Apple made a change to the way modern iPhones capture photos by default, switching to HEIF/HEVC or “High Efficiency”. This helps reduce file size, but retain the clarity of the photos.

Turns out that Apple’s decision to do that has actually led to what appears to be a loophole for Google Photos users. As was first reported by 9to5Mac from Reddit user “stephenvsawyer“, the switch to High Efficiency means that if Google wanted to compress the photos (as it typically does for photos not stored in original quality), the file size of each photos would actually get bigger, not smaller.

This means that, with this feature turned on, Google Photos will store original quality photos with free unlimited storage, a perk that was traditionally tied to the company’s Pixel smartphone lineup.

With all modern iPhones shooting photos in HEIC format, which is smaller than even Googles compressed JPG files, iPhones therefore get free unlimited ORIGINAL quality backups simply because it would cost Google both storage space (because if Google tried to compress iPhones HEIC photos they would actually become larger) and computing power (because Google doesn’t need to compress and process all of the billions of photos iPhones backup.)

So Apple is literally saving Google millions of dollars by shooting their photos in HEIC and it benefits iPhone users as well because we get free original quality backups.

(This loophole only applies to photos, and not videos.)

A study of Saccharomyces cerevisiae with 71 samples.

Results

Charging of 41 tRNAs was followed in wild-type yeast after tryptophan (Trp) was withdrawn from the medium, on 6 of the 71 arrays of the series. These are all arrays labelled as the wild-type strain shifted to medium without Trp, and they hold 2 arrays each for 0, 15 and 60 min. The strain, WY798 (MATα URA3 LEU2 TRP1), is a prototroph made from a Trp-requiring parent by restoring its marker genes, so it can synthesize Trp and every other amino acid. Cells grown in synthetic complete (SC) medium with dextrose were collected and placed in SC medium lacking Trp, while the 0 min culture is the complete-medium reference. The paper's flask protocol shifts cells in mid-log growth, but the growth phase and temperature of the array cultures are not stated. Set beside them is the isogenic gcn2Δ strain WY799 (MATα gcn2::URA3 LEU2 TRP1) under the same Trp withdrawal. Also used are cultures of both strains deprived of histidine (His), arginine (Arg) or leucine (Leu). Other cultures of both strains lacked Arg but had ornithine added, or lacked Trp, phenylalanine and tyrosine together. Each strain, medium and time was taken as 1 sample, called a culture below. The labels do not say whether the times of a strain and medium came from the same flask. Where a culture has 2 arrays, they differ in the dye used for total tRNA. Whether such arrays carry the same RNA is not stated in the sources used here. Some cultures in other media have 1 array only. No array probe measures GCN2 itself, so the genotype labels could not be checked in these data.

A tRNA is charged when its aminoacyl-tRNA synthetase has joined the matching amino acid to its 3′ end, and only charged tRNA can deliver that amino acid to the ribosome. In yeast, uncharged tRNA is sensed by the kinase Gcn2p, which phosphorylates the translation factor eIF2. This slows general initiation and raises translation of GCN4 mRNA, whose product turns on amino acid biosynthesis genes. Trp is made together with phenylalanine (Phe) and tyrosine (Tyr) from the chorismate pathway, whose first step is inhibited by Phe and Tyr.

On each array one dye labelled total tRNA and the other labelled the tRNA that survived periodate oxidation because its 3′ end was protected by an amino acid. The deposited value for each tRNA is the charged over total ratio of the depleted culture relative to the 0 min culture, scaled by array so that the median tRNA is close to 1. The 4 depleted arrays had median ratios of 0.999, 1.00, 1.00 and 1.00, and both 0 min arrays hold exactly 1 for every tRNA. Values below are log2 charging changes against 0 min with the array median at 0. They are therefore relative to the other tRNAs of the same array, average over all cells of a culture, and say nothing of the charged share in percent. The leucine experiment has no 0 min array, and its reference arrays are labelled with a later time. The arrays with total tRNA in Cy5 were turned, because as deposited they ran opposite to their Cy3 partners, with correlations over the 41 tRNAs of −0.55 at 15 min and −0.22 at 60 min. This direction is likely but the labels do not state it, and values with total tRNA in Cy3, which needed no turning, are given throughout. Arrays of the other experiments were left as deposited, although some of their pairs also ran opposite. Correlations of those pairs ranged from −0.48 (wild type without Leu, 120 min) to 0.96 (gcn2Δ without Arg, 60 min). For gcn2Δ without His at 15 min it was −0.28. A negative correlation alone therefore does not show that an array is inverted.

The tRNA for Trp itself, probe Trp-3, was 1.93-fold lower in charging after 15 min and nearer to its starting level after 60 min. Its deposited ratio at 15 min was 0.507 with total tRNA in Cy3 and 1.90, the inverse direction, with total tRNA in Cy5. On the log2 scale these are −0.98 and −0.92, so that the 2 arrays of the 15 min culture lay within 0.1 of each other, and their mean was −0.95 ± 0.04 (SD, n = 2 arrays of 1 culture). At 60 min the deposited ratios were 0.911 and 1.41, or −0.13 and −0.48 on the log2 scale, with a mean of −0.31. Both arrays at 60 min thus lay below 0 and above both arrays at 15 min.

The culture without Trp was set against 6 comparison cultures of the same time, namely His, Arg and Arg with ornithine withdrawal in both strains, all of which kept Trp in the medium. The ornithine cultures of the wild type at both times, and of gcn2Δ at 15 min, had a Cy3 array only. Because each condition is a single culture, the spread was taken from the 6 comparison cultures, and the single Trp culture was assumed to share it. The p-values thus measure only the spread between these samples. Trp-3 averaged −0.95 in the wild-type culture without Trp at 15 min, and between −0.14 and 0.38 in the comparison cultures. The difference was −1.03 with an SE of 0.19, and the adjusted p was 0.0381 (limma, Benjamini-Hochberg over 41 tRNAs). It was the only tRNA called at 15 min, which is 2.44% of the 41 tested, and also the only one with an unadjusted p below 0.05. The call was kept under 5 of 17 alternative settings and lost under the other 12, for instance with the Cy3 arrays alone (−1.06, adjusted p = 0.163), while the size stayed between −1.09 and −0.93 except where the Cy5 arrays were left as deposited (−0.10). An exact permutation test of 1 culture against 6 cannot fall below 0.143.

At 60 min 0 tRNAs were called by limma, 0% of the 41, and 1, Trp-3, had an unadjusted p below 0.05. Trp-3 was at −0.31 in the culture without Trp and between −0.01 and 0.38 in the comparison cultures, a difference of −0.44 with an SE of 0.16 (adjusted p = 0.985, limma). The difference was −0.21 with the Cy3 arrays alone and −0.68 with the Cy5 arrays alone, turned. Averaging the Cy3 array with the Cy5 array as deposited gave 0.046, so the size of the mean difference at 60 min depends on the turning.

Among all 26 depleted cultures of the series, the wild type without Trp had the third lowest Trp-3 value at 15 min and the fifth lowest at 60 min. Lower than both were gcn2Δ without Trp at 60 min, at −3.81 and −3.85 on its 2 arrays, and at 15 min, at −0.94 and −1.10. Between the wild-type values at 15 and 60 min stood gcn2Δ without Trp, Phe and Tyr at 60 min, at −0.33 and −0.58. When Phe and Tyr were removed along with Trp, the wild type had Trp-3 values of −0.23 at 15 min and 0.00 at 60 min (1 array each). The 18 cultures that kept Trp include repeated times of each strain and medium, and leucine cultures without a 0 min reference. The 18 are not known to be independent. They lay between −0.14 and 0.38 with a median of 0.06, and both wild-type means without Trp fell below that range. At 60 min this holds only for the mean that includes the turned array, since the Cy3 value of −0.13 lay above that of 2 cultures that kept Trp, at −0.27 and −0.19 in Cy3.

It is possible to switch your photo format to “Most Compatible”, which Apple says will “always use JPEG/H.264. But, as mentioned above, the format is automatically selected as HEIF/HEVC, and if you want the Most Compatible option you’ll need to actually activate it manually.

This is good news for iPhone owners, as long as the loophole exists. But it’s even more interesting when it appears that Google is not offering this particular perk to owners of the Pixel 4 and Pixel 4 XL, two handsets it just announced. Google didn’t offer free unlimited storage at original quality for the Pixel 3a, either, but that was chalked up to the low cost of the phone (compared to the standard Pixel 3/Pixel 3 XL).

Google appears to have transitioned away from unlimited free storage at original quality for Pixel 4 owners, too, so the fact that it appears possible to achieve this with the iPhone is pretty comical.

If you want to use Google Photos and don’t already have it installed, you can get it for free from the App Store.